I started using VirtualDocumentRoot on my development server when I started the refactoring of this weblog. In this post I will describe how I've set things up and how I got the actual document root without using the DOCUMENT_ROOT environmental variable.

The benefit of this approach is that you can easily setup multiple virtual hosts without ever needing to edit httpd.conf again. My reason for wanting multiple virtual hosts in to have a setup similar to the production environment. If mod_rewrite is supposed to work on the document root directory, I like to set things up according to this. Otherwise problems arise when you change directory later and need to update all absolute path names (e.g. image paths in CSS files).

Setting things up involves three steps:

  1. Reconfigure Apache to use a virtual document root.
  2. Add the hostnames to the hosts file.
  3. Never ever trust DOCUMENT_ROOT. This rule applies regardless of this setup or not.

Configuring Apache

Open httpd.conf in your favorite text editor. Make sure this two lines is present and not commented:

LoadModule vhost_alias_module libexec/httpd/mod_vhost_alias.so
AddModule mod_vhost_alias.c

The two lines should already be in the file, but might be commented. The will not be found together in pairs, so look for the one-by-one.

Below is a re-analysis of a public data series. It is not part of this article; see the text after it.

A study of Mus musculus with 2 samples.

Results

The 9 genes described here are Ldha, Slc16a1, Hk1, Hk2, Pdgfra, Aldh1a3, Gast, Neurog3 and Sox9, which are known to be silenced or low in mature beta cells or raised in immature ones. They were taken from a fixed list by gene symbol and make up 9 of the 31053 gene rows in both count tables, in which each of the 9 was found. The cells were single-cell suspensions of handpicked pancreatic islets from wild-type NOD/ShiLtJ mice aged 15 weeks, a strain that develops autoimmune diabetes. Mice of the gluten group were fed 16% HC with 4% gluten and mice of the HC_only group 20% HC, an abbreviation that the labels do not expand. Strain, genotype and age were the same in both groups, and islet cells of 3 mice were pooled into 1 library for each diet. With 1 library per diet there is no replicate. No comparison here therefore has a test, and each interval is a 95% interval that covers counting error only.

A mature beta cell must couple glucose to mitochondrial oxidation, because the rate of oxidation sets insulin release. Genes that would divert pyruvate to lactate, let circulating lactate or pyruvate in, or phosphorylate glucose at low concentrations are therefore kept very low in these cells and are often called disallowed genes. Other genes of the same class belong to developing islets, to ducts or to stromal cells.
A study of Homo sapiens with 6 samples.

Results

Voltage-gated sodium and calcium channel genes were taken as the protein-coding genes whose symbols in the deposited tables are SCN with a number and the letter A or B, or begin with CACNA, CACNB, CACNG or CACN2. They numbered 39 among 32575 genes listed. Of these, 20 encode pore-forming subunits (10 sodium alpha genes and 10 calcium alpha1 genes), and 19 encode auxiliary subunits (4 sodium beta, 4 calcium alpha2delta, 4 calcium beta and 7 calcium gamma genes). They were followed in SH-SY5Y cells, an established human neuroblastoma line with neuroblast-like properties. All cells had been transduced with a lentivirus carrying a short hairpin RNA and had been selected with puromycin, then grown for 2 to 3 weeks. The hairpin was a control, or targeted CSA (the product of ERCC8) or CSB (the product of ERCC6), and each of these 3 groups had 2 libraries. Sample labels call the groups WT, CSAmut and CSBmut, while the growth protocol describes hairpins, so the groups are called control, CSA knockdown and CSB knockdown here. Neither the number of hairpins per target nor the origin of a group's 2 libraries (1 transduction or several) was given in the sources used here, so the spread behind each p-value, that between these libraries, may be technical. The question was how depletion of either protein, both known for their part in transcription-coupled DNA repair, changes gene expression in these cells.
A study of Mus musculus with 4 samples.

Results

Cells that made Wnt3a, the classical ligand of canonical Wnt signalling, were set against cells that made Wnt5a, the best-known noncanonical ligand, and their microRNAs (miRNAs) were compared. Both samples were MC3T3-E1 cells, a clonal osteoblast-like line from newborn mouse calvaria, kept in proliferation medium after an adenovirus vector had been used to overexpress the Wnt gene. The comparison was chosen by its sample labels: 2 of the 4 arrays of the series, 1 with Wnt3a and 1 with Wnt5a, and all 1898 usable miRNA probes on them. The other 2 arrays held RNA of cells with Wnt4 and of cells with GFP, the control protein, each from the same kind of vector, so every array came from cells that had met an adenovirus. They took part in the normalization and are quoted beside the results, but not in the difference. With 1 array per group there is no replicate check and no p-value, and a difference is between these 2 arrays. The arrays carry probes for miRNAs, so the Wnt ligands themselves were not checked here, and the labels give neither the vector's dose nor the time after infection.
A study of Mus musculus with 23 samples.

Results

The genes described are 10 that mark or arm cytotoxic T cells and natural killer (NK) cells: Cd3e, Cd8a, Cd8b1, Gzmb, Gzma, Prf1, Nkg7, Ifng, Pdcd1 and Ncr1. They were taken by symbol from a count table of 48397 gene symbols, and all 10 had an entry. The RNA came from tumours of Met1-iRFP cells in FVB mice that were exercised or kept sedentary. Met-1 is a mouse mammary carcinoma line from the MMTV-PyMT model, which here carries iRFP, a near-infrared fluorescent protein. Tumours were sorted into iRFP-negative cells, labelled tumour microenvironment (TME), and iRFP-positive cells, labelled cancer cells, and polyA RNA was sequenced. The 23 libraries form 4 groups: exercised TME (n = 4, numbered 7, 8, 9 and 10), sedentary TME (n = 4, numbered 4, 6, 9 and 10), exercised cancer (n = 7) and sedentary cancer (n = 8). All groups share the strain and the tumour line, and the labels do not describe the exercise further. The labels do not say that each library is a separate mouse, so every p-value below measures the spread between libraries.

Next, search for the DocumentRoot and comment it out. Instead, add the VirtualDocumentRoot declaration. This is my setup:

VirtualDocumentRoot /Users/sas/Sites/%0/www

%0 is the name of the folder that is our hostname. The webroot is the www folder, but just as well be direct under the hostname folder, or in for example public_html.

Finally, if you have any VirtualHost configuration you can comment that out as well. After that, restart Apache. On OS X this can be done from the command-line by typing:

sudo apachectl graceful

Setting up the hosts file

For this virtual mapping to work you'll need to edit your hosts file. On OS X you will need to be root. The file is located in /etc/hosts. Here is an example on how I've added a couple of hostnames.

127.0.0.1        samuelsjoberg.dev thesis.local

When you enter http://samulesjoberg.dev or http://thesis.local you are directed to your local server and apache maps the requests to the corresponding folder name. An important thing to remember here is to not map actual domain names since they wouldn't be accessible from the machine any more.

If you are on a local network, for example behind a router, and have multiple test machines, or if you're using for example Parallels you can access all your dynamic virtual hosts by name if they are added to the machines hosts file. For this to work, you should of course point the domain names to your IP instead of 127.0.0.1.

Get hold of the DOCUMENT_ROOT

The PHP variable $_SERVER['DOCUMENT_ROOT'] will not be set correctly when dynamic virtual hosts are used. However, this shouldn't be a problem since the value really isn't trustworthy ot begin with. Don't trust the DOCUMENT_ROOT ever. Instead, deduce it based on your scripts' current location.

The example below defines the constant BASEPATH to be the actual document root. I usually define this constant among others in /includes/constants.inc.php, that is why ../ is necessary to get to deduce the document root.

// BASEPATH contains the DOCUMENT_ROOT of the virtual host
define('BASEPATH', realpath(dirname(__FILE__) . '/../'));

That was the final step. Hopefully you now have a dynamic virtual host environment up and running.


Created 22nd October 2006 19:01 CET. Filed under PHP.